Dawidziak: She stopped Shoreham, and more
Michael Dawidziak is a political consultant and pollster.
Whether you agreed with her politics or not (and there were plenty who didn't), you had to admire her caring commitment and courageous zeal. Platitudes such as these are carelessly thrown around when describing politicians, but they truly and accurately describe the person who was Nora Bredes.
Bredes didn't get involved in politics out of ambition or for personal advancement. She got involved due to a genuine concern for her community. Most citizens are aware of the existence of threats to the safety or well-being of the public. The vast majority of them just never get off their butts and do anything about it. When faced with a known menace to her neighborhood, children or county, Bredes was incapable of doing nothing.
Whereas compassion and caring might have been the motivational forces that got Bredes involved, the words more often used to describe her were tough and smart -- and she was. As a community organizer, Bredes was a leading force in organizing the Shoreham Opponents Coalition. Working together with other activists, she helped to change the terms of the debate from mere protest to political action. She was instrumental in bringing the fight in the streets into the halls of government.
Bredes also had a talent for recruiting people with a wide variety of skills to help her achieve her goals. Knowing that the Shoreham opponents could easily have been trivialized as a bunch of radical protesters, she enlisted the help of professionals, including respected scientists and political consultants I worked closely with her in the anti-Shoreham battle, even though she knew I was a consultant to George H.W. Bush, not exactly an anti-nuke president.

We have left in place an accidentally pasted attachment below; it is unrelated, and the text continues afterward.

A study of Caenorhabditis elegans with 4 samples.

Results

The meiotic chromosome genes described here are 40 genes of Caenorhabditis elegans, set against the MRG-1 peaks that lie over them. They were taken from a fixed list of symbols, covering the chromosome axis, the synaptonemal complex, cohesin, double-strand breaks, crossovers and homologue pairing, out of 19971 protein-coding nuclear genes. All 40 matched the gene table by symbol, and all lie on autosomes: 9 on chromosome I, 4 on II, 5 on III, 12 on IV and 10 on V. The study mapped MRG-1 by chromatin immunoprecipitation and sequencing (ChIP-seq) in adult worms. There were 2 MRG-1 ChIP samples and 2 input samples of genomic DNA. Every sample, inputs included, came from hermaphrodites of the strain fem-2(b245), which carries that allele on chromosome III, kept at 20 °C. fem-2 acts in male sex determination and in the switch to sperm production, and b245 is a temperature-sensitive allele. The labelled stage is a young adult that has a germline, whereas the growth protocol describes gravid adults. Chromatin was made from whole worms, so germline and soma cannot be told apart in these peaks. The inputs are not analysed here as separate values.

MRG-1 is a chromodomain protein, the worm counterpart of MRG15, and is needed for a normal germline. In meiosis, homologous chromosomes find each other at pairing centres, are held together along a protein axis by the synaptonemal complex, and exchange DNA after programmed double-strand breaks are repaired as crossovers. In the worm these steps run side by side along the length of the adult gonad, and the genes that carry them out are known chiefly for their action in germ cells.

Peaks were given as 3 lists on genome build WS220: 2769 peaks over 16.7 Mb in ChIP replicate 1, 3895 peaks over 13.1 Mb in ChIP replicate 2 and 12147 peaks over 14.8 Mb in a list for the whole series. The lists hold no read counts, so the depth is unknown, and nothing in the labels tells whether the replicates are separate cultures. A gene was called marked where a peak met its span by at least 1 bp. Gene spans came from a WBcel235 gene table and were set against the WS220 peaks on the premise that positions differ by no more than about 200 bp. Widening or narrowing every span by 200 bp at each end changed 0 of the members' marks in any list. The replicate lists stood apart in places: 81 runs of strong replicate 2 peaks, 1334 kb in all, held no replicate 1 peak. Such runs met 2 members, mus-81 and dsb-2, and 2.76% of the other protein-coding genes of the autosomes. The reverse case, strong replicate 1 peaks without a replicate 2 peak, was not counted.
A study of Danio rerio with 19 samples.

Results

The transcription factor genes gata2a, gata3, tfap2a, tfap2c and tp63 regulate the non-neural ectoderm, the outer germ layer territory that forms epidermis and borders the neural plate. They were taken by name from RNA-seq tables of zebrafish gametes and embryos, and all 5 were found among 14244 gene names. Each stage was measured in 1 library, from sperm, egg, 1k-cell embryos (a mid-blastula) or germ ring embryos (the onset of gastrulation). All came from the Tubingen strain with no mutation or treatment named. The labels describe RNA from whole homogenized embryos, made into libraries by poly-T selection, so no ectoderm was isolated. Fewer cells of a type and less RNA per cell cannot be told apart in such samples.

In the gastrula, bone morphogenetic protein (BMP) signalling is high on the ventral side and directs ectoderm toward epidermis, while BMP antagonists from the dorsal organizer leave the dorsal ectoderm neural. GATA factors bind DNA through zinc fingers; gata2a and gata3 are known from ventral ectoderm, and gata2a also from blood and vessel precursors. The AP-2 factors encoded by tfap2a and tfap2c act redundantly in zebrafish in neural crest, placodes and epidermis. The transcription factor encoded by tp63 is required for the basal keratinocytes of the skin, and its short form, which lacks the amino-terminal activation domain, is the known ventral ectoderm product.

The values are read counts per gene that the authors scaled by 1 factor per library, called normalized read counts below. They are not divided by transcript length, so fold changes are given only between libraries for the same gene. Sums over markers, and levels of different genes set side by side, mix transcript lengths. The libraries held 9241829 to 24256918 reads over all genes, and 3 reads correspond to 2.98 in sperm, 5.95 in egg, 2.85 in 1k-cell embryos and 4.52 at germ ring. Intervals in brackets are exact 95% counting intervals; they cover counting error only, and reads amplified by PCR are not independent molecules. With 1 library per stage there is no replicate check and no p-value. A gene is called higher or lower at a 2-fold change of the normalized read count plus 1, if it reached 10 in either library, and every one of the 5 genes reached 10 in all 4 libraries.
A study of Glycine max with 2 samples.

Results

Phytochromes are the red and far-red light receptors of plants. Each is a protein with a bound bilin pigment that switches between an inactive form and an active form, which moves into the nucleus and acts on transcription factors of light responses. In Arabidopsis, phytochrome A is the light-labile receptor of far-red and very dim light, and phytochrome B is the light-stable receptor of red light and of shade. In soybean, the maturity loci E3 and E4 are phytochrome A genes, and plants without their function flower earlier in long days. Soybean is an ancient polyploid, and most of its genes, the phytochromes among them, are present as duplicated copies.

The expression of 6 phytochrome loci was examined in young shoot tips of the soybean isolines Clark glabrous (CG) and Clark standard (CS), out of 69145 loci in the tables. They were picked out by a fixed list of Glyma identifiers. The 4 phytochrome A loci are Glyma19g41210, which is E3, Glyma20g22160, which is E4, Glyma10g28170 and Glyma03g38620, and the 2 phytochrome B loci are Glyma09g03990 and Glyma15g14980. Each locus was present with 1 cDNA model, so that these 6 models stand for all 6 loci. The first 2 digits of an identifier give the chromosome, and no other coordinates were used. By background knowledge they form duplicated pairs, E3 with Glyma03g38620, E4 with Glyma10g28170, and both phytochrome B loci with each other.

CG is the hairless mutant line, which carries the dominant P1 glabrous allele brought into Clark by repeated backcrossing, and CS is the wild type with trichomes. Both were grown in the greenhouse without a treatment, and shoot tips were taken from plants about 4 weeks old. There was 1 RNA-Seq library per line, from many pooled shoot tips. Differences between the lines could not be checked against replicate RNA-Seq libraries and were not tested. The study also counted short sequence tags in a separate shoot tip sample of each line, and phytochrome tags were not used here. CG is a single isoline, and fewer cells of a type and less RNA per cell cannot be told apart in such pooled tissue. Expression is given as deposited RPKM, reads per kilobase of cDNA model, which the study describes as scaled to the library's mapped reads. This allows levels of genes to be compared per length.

She could be calculating and funny at the same time. Right after the nuclear disaster in the Ukraine in 1986, she put out a brochure that asked in bold print, "Is the Shoreham Nuclear Power Plant safer than Chernobyl?" Answer: "Nyet."
Beyond any reasonable hope, Bredes and a ragtag group of community activists actually stopped this nuclear power plant from opening. It would make a great, if improbable, movie script. George Hoffman, a fellow political consultant who worked in the anti-Shoreham movement, has said, "Without Nora, Shoreham would be operating today." In light of Three Mile Island, Chernobyl and the recent problems in Japan, Bredes' stand back in the 1980s looks pretty good today.
Bredes was a passionate environmentalist and advocate for public health and safety. But her other major initiative in life was the advancement of women in the country's board rooms and halls of powers. For 12 years, she served as director of the Susan B. Anthony Center for Women's Leadership at the University of Rochester. The post gave her a soapbox for advocating for a cause that she always felt deeply about. Her concerns about the lack of opportunities for women proved to be as accurate and prophetic as her concerns about nuclear power.
It's all too easy to look back on Bredes' life and say that women owe her a debt of gratitude, and that she should be a role model for today's generation. In truth, she deserves recognition and thanks from all of us. The spirit of activism that founded this country and continues to work to right the wrongs of the world, burned brightly in Nora Bredes.